It’s not unusual in life to be caught between two stages. Tweens straddle the line between young childhood and the teen years. It happens again when you’re old enough to vote but can’t order a drink in a bar. And after college graduation, you may be embarking on a career but are also not completely, as my father would say, “off the dole.”
Who knew it could happen again as a working adult, one who’s far past entry-level, but still a good bunch of years away from retirement?
I see lots of young professional groups, mentorship programs and networking events, all geared toward helping fledgling careerists get ahead. There are management groups and networks for senior-level folks, too. But if you’re not young and your job is more rank-and-file than boss, there’s a palpable dearth of such groups, as if you’re just too far gone to pursue anything beyond what’s in your lap.
Several years ago, before joining the credit union industry, I decided to transition from freelance work to something more steady. Nosing around online revealed a curious trend in advice for jobseekers of a certain age. Keep dates off your resume, they said. Don’t include anything over ten years old.
Translation: Hide your age and hide your experience.
Really? With all the push to be our authentic selves, to view others as individuals, we’re supposed to tone down a significant part of our identity. And why deny experience that is, or should be, a benefit to the job?
One of the perks of having been alive a number of decades is a nice cache of memories from which to draw life lessons. You’ve probably dealt with a variety of problems and have seen solutions that work and those that crash. Perhaps you’ve been to a hundred or more weddings, charity galas and fundraisers, and know how important traffic flow and placement of the bar are to a successful event. Or maybe you’ve been confronted with hateful communications, and know that it’s better to wait a beat and craft a response than it is to blurt out something that will haunt you later.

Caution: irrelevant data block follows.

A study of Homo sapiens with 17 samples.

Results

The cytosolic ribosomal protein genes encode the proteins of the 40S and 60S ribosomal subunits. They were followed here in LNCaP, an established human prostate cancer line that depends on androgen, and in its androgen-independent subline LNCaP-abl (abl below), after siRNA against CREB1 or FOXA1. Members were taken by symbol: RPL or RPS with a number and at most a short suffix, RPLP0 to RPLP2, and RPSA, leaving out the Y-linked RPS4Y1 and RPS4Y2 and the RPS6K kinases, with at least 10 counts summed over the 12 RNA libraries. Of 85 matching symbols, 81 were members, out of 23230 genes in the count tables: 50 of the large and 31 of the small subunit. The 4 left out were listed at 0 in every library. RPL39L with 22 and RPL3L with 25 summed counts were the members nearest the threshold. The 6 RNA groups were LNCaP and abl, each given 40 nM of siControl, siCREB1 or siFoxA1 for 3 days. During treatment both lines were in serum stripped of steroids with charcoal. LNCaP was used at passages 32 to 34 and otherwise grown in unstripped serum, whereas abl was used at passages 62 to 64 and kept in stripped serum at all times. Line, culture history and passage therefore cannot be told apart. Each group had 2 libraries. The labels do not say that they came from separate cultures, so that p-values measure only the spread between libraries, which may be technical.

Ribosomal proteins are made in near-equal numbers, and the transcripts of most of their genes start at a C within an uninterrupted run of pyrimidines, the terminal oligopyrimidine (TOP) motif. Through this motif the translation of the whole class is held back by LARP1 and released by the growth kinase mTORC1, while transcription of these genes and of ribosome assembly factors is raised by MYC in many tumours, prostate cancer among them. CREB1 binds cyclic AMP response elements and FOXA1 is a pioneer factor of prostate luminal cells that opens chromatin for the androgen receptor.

It should go without saying that people with talent can apply those talents, along with their work and life experiences, to whatever you throw at them. Forget old dogs and new tricks. Smart people can keep learning no matter what their ages are.
Here’s a tip, old friend: choose your employer wisely. A worthwhile one will value those dates on your resume. Employees will be from a variety of age groups, and everyone will be given the same or analogous opportunities. By all means, if you think the foosball table in the conference room is stupid, don’t work there. But remember, wisdom is not one generation’s sole domain. Young people have it too. You could learn a lot from those whippersnapper colleagues.
And if you can’t find a professional group or mentorship program that suits you, make a group or find a mentor yourself. You know you’re capable.